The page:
By Bernard Marr
Businesses have faced huge challenges and have undergone an incredible amount of change over the past few years, and this won’t slow down in 2023. Businesses will have to deal with the aftereffects of the global pandemic, Russia’s invasion of Ukraine, economic challenges, as well as an ever-faster development of technologies.
Here are the trends I believe will have the greatest day-to-day impact on the way we work and do business in 2023.
1. Accelerated digital transformation
In 2023, we see the continuation of innovations and developments in transformative technologies such as artificial intelligence (AI), the internet of things (IoT), virtual and augmented reality (VR/AR), cloud computing, blockchain, and super-fast network protocols like 5G. What’s more, these transformational digital technologies do not exist in isolation from each other, and we will see the boundaries between them blurring. New solutions for augmented working, hybrid and remote working, business decision-making, and automation of manual, routine, and creative workloads combine these technologies in ways that enable them to enhance each other. This brings us closer than ever to the point where we are able to create “intelligent enterprises” where systems and processes support each other to complete menial and mundane tasks in the most efficient way possible.
To prepare for this, businesses must ensure they embed the right technology throughout their processes and in every area of operations. At this point, there is really very little excuse for being in business and not having an understanding of how AI and the other technologies mentioned above will impact your business and industry. More effective sales and marketing, better customer service, more efficient supply chains, products and services that are more aligned with customer needs, and streamlined manufacturing processes are all on the table, and in 2023, the barriers to accessing them will be lower than ever. Many of these technologies, such as AI and blockchain, are now available in ‘as-a-service’ models via the cloud, and new interfaces and apps give businesses access to them via no-code environments.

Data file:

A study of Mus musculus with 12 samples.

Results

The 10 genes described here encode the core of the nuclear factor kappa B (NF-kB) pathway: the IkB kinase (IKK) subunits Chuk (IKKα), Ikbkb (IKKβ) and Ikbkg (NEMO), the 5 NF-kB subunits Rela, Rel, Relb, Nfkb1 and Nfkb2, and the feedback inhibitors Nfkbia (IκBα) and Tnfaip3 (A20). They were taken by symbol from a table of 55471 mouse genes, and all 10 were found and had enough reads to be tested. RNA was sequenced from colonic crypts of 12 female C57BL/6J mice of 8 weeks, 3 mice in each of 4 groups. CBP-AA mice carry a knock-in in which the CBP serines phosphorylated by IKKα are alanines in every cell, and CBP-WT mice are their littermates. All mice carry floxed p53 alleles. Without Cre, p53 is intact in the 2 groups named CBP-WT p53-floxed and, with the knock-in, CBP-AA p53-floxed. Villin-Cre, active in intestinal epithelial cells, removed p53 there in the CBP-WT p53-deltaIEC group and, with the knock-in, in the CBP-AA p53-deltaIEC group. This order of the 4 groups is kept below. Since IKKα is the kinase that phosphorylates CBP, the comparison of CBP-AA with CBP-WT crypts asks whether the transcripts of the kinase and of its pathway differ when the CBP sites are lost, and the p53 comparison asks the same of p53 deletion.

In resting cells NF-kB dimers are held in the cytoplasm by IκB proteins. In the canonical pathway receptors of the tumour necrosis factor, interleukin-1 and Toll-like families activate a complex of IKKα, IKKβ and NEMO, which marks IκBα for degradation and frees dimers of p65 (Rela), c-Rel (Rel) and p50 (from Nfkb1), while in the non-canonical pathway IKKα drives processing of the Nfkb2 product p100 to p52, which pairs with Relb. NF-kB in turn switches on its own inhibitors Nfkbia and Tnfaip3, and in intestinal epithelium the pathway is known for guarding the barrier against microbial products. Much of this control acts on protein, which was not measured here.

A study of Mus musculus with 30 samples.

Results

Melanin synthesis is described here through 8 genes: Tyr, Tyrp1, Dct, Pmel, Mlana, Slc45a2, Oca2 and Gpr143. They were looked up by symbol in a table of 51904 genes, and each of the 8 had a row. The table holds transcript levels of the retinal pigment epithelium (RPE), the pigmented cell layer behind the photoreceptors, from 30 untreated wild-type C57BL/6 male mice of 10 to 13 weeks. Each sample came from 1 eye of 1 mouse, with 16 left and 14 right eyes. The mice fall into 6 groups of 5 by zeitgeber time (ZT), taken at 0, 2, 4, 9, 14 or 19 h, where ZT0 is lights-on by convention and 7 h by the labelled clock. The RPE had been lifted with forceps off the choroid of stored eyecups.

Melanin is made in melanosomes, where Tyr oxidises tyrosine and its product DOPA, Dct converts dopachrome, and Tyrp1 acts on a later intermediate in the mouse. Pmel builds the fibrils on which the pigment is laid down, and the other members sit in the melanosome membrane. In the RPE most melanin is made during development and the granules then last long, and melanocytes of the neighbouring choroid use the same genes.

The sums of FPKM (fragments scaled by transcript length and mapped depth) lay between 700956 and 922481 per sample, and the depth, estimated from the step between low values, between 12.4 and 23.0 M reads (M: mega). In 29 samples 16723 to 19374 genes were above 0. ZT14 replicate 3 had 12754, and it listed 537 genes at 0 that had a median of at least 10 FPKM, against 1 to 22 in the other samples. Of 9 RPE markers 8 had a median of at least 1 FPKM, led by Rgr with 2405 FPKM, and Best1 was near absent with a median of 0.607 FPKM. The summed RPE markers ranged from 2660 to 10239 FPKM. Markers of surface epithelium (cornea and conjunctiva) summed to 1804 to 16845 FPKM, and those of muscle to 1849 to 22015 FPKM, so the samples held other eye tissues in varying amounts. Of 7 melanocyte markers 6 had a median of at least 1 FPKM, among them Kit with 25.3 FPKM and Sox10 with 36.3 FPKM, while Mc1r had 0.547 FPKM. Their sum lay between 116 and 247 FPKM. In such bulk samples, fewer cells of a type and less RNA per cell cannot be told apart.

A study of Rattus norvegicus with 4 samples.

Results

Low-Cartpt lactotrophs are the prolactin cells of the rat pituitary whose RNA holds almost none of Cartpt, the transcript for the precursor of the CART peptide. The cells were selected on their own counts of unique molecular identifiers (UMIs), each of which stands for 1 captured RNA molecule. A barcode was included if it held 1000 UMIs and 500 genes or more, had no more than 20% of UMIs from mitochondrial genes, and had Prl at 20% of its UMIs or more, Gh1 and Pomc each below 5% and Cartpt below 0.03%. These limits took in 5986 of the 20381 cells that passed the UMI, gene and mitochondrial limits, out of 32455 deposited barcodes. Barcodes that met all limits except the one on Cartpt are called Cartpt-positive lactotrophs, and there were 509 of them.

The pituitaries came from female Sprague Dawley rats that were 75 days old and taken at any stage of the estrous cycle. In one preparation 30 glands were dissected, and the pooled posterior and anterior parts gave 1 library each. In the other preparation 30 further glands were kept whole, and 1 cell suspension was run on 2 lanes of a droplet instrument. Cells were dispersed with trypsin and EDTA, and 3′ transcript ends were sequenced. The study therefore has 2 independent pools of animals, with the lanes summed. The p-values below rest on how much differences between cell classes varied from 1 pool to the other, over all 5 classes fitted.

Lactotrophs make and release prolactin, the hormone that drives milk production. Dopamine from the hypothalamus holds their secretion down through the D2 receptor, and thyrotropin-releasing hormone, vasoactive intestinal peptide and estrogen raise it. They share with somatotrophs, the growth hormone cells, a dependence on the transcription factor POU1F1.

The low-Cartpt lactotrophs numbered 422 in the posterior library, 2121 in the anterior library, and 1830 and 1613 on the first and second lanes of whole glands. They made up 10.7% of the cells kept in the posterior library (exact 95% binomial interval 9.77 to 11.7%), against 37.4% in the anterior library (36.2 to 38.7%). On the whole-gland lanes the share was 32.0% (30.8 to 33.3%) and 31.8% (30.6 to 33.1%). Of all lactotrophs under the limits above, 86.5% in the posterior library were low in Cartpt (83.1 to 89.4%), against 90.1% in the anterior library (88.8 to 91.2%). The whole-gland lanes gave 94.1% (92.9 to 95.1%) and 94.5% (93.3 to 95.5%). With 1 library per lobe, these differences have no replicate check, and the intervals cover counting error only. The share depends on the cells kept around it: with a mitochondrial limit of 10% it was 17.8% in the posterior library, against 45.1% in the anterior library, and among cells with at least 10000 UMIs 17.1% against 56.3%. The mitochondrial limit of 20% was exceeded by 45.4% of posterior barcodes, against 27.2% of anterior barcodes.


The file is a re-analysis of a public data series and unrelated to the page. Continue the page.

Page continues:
2. Inflation and supply chain security
The economic outlook for most of the world doesn’t look great in 2023. We are told by experts to expect ongoing inflation and subdued economic growth. Many industries are still plagued by supply chain issues that emerged during the global shutdowns caused by Covid-19 and have only got worse due to the war in Ukraine. To combat this and stay afloat, companies need to improve their resilience in any way that they can. This means reducing exposure to volatile market pricing of commodities, as well as building protective measures into supply chains to deal with shortages and rising logistical costs.
It is important that companies map out their entire supply chains and identify any exposure to supply and inflation risks. That way, they can explore ways to mitigate that risk, such as alternative suppliers and becoming more self-reliant. I have recently worked with a number of companies that decided to in-source parts of their manufacturing after they identified a risk of relying on Chinese manufacturing that is still plagued by a zero-Covid policy and subsequent shutdowns.